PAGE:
Opening segment by Ms. Gabriela Ramos, Assistant Director-General for the Social and Human Sciences, UNESCO at the High-Level Forum on the Culture of Peace, on 10th September 2020.
Your Excellency Mr. Tijjani Muhammad-Bande, President of the General Assembly, Your Excellency Mr. António Guterres, Secretary-General of the United Nations, Distinguished Ambassadors and representatives, Ladies and Gentlemen,
Let me first thank the President of the General Assembly for having convened this Forum, a valuable tradition that gains new significance within the current climate.
Our world has been deeply shaken by the COVID-19 crisis. The pandemic has not only taken a tragic toll of human lives, but it has also dramatically exposed our vulnerabilities, shed light on our injustices, and disrupted our assumptions.
The numbers speak for themselves:
Livelihoods and economic prosperity are being decimated with up to 340 million jobs at risk – 11.9% of the world’s total workforce, whilst between 71 and 100 million people are projected to enter extreme poverty because of the crisis.
The opportunity gap continues to grow, with UNESCO statistics showing that 825 million students – 47% of the global total – remain affected by school closures, exacerbating levels of inequality already unprecedented in modern history, and contributing to the first decline in human development since records began in 1990. And discrimination and violence are on the rise (including through many populist governments), with the number of reported incidences of racism and xenophobia increasing significantly.
31 million additional cases of gender-based violence are expected to emerge over the next 10 years as a result of COVID-19. And I want to commend the SG leadership on defending the rights of women in the current context.
All this create the conditions for a perfect storm that is not conducive to peaceful and cohesive societies.
The pandemic has demonstrated the fragility of our world.
But it has also confirmed that among our growing diversity, we remain fundamentally interconnected and unavoidably interdependent.
It has reminded us of the need for a culture of peace – a culture of peace that is a way of life: an instrument not only to avoid war, but to address longstanding tensions between individuals and technology; people and planet; and those who have and those who do not.
This requires a commitment to build peace in the minds of men and women all the way through, and a clear understanding that an unfair and unsustainable world cannot be the basis for truthful, peaceful and trusting relationships among countries and people.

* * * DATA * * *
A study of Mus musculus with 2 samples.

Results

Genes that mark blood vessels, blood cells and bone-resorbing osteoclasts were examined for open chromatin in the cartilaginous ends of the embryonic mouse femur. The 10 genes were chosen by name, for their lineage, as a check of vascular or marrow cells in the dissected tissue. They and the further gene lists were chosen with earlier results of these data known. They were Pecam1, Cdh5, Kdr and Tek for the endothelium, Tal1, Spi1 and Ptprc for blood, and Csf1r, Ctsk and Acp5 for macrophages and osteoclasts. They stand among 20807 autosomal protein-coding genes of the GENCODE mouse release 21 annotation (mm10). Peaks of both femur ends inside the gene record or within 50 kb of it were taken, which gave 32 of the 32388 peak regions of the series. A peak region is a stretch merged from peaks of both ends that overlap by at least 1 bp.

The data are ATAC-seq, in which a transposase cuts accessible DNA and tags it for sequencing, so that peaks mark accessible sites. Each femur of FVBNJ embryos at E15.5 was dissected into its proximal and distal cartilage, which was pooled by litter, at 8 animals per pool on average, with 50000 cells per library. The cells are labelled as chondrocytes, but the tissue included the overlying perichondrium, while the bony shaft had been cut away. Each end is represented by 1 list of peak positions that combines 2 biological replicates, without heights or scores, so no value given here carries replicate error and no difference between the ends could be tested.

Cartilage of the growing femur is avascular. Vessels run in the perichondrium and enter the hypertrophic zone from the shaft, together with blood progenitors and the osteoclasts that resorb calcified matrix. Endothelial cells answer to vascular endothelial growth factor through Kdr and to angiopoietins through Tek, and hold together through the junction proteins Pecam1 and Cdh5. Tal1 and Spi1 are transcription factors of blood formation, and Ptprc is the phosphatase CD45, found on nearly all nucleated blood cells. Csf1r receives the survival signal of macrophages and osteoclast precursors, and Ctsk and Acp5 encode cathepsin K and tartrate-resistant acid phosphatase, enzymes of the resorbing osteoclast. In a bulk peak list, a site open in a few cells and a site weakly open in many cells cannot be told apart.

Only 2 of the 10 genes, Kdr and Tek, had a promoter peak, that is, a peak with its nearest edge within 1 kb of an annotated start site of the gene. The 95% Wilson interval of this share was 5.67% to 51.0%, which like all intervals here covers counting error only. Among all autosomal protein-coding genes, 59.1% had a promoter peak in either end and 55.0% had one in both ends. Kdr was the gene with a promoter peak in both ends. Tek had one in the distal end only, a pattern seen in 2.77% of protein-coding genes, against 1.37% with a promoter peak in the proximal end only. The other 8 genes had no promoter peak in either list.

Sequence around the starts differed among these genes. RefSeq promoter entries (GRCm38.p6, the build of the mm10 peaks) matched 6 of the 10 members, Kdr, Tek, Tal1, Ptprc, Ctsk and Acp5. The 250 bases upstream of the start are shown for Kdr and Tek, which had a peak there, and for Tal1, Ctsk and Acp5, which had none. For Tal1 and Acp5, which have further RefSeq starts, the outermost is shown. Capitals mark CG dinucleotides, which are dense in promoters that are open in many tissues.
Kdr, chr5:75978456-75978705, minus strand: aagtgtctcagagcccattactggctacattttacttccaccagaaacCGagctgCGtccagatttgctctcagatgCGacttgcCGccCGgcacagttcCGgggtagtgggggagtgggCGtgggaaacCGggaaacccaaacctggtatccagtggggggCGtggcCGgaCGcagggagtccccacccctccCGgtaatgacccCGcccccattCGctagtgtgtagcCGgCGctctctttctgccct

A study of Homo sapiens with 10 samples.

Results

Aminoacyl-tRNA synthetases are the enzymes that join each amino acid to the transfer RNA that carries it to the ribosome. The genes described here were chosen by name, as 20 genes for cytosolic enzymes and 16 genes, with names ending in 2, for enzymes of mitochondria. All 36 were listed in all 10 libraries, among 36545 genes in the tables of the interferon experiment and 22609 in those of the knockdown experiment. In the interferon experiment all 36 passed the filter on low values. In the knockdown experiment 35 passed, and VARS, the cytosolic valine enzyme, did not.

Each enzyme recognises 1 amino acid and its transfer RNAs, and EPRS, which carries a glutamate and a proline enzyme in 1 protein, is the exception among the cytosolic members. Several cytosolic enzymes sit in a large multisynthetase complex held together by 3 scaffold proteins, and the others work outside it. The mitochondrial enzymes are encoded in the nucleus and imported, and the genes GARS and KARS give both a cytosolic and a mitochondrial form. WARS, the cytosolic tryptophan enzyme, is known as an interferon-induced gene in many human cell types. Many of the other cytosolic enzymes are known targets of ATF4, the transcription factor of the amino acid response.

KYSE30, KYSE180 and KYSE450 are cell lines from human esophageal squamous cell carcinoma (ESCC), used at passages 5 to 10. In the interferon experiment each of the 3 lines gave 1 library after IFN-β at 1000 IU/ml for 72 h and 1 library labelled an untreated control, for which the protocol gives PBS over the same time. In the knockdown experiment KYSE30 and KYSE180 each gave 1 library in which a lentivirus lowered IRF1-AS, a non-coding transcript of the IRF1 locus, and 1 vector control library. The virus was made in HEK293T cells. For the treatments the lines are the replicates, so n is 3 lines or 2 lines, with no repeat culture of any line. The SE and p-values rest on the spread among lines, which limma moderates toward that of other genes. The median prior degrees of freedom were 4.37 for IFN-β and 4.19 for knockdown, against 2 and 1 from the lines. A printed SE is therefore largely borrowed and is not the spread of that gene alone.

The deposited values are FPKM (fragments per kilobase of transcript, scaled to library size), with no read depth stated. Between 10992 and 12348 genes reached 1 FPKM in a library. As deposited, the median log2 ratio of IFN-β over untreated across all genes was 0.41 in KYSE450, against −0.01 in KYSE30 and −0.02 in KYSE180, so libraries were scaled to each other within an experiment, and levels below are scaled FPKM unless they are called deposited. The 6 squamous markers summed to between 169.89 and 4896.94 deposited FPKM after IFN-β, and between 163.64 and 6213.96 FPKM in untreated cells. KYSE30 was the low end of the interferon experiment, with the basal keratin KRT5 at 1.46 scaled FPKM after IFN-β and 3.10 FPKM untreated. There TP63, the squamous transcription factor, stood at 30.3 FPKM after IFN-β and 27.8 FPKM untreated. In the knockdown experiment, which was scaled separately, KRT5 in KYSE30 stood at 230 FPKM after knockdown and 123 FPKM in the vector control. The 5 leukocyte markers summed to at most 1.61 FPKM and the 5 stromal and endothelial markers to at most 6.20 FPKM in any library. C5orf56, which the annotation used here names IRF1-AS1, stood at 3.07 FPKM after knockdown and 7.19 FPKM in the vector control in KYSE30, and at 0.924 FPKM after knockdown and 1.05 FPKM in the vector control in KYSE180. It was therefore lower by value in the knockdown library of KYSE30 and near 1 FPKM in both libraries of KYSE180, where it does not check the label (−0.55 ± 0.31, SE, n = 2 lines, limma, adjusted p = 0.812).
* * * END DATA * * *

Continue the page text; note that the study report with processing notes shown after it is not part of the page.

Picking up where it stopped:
Pursuing this vision is why UNESCO exists, and what we seek to achieve through every one of our activities:
This is why, among others:
We have created an innovative framework to measure the enabling environment and impact of intercultural dialogue, looking to strengthen the evidence-base on what works and why, and create actionable insights to help leaders build effective processes to address difficult issues before they lead to conflict or violence.
We work with communities to develop intercultural skills – respect, empathy, tolerance, and mutual understanding – providing the socio-emotional basis to learn and engage with those different from ourselves. This in turn can help to tackle challenges as varied as the integration of migrant communities in Austria, the participation of indigenous populations in Costa Rica, and gender-based exclusion in Zimbabwe.
We mobilise the arts to advocate for human rights and dignity as the inalienable foundation of intercultural exchange, working with the most vulnerable to facilitate post-conflict reconciliation, integration, and the prevention of violence.
And we are developing an instrument to address the ethics of Artificial Intelligence to ensure that these amazing technologies contribute to a peaceful world.
The need for a culture of peace, the need for UNESCO, is more pronounced today than ever before. Peace is as an essential enabler, and an ultimate outcome of a fairer, sustainable world.
We cannot rest on our laurels, and at UNESCO, we are building the evidence of what works, and what does not, we have increased our investments and strengthened our partnerships and commitments.
We hope that this will support the efforts of those that are now rowing against the tide in a world that is not as we would like it to be. Too much confrontation, too much violence, too much despair.
I am sure that today’s celebration will serve as an important catalyst for action in this direction. Count on UNESCO at this critical time.
 International Labor Organization. (2020). ILO Monitor: COVID-19 and the world of work. Fifth edition. https://www.ilo.org/wcmsp5/groups/public/@dgreports/@dcomm/documents/briefingnote/wcms_749399.pdf
 Gerszon D., Laknerr M., Castaneda Aguilar A., Wu H. (2020). Updated estimates of the impact of COVID-19 on global poverty.
 UNESCO. (2020. Education: From disruption to recovery.
 UNDP. (2020). COVID-19 and Human Developement: Assessing the Crisis, Envisioning the Recovery.
 UNFPA. (2020). Impact of the COVID-19 Pandemic on Family Planning and Ending Gender-based Violence, Female Genital Mutilation and Child Marriage.